It was deja vu for many school leaders in Shelby County Schools when the state’s online system stalled on the first day of testing Monday for many high school students.

Though the problems were different than the online testing collapse in February 2016 that also impacted younger students, the bottom line for many educators was frustration over another snafu in a system that is the cornerstone of state accountability for teachers and schools.

Many students were unable to log in to start their TNReady tests, while some started and finished without a hitch. Others logged in successfully, but were later kicked out of the system.

Natalia Powers, the district’s chief of communications, said high school principals could adjust their testing schedules as they saw fit during the state’s three-week testing window.

“After the issues were resolved by the state, schools were able to resume their testing schedule for the rest of the day if they chose to do so,” she said in an email. Powers did not specify how many of the district’s 27 high schools had problems with the test.


At Kirby High School, Principal Steevon Hunter said only “a small percentage” of students were able to finish testing Monday. That was on the heels of a large pep rally, like several other Memphis schools did, to pump up students about the test.

“This let a little wind out of their sails,” he said. “But my hope is this was a one-time glitch and that we’ll live to fight another day and test tomorrow.”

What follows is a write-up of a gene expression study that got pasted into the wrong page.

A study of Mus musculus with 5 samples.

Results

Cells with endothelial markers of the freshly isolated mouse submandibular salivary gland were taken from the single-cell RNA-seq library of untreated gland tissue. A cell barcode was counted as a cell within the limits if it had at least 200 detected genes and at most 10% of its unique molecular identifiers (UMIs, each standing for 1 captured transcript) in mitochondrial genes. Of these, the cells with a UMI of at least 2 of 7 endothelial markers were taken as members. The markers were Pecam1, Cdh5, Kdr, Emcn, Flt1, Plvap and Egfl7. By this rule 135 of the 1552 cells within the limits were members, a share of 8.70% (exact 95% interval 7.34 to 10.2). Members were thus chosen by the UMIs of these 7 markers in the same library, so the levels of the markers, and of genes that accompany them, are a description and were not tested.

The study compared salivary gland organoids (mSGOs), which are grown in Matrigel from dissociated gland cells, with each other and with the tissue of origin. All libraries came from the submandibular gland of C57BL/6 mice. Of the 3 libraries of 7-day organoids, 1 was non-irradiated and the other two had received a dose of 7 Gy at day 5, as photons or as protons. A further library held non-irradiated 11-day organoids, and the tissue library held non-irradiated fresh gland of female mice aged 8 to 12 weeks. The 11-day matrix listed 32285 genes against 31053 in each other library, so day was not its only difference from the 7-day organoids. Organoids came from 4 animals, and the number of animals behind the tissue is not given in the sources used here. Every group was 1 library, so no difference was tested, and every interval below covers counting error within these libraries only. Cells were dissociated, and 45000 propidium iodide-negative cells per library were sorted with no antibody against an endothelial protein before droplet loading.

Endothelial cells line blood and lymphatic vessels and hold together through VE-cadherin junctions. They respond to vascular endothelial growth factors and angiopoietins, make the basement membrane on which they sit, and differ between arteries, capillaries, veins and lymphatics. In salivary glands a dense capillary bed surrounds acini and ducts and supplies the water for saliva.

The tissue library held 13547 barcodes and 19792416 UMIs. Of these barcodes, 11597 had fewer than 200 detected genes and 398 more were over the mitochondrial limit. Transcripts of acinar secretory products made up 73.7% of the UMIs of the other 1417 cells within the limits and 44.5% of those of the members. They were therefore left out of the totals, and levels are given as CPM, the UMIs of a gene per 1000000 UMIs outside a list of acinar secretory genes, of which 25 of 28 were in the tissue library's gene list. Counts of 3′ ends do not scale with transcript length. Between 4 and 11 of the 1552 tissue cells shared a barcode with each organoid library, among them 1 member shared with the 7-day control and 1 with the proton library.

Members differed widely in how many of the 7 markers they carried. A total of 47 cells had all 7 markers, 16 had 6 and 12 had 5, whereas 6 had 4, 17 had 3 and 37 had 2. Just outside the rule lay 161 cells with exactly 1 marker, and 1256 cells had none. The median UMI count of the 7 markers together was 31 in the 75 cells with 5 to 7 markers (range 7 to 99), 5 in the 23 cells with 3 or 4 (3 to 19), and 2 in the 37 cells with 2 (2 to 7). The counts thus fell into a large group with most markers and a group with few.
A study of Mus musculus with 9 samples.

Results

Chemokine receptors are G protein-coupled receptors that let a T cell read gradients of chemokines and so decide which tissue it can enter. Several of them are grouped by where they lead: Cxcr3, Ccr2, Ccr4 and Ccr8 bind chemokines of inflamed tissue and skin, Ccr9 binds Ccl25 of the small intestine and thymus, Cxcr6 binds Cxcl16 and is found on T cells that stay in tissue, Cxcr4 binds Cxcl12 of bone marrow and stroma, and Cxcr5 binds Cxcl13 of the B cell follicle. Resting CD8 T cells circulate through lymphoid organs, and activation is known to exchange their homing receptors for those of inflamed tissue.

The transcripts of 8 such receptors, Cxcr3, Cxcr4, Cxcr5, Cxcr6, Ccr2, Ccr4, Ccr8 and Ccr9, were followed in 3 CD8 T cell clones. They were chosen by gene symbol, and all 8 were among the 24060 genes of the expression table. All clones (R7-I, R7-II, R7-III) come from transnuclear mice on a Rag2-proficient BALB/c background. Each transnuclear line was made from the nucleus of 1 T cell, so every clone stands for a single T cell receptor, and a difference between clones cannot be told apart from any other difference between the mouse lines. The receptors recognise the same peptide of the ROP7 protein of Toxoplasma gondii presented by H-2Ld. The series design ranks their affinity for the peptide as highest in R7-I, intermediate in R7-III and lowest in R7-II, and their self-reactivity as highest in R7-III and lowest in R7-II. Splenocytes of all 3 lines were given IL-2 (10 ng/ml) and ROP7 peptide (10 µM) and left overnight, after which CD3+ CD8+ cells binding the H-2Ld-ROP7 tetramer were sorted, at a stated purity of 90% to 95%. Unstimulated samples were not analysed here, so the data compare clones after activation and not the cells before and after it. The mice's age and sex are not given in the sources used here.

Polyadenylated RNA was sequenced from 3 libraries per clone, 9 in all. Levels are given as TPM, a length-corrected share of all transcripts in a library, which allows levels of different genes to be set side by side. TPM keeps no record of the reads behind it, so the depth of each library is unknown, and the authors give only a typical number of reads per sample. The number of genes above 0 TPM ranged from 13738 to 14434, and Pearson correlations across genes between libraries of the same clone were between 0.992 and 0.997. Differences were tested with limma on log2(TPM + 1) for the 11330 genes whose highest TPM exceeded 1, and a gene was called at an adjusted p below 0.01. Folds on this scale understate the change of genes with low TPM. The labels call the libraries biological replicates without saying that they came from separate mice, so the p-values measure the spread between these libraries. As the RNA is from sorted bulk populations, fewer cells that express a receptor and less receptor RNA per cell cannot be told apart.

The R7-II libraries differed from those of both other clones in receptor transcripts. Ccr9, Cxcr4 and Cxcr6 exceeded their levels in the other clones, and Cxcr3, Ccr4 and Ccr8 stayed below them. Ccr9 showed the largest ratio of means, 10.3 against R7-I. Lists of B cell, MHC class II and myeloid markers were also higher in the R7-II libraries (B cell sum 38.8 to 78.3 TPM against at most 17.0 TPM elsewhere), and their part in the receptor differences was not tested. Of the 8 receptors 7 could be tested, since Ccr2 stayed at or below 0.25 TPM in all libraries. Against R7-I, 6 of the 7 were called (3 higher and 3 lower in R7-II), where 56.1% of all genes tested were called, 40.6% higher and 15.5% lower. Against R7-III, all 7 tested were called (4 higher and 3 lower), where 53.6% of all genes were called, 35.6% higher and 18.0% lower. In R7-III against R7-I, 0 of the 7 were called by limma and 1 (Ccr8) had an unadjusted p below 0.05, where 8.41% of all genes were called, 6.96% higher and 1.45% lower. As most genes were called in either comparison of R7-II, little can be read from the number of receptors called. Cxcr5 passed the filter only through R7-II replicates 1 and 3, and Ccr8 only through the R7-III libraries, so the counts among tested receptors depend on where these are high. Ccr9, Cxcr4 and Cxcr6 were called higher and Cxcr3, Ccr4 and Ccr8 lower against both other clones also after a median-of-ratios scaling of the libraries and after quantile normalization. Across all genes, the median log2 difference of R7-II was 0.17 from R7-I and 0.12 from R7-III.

Some surrounding school districts suspended testing Monday and plan to resume Tuesday, while others successfully finished their scheduled testing in the afternoon after the state announced the online fix.

Bartlett City Schools suspended testing Monday for high school students after numerous problems with the online system. “We plan to resume our testing schedule tomorrow,” district spokesman Jason Sykes said in an email.

The computer issues extended to Germantown Municipal School District, which initially experienced log-in issues, although students at the district’s only high school — Houston High — were able to complete testing for the day.

Officials at Millington Municipal Schools also experienced issues with digital testing in the morning, although those issues have been resolved, said Stacy Ross, a spokesman for the district.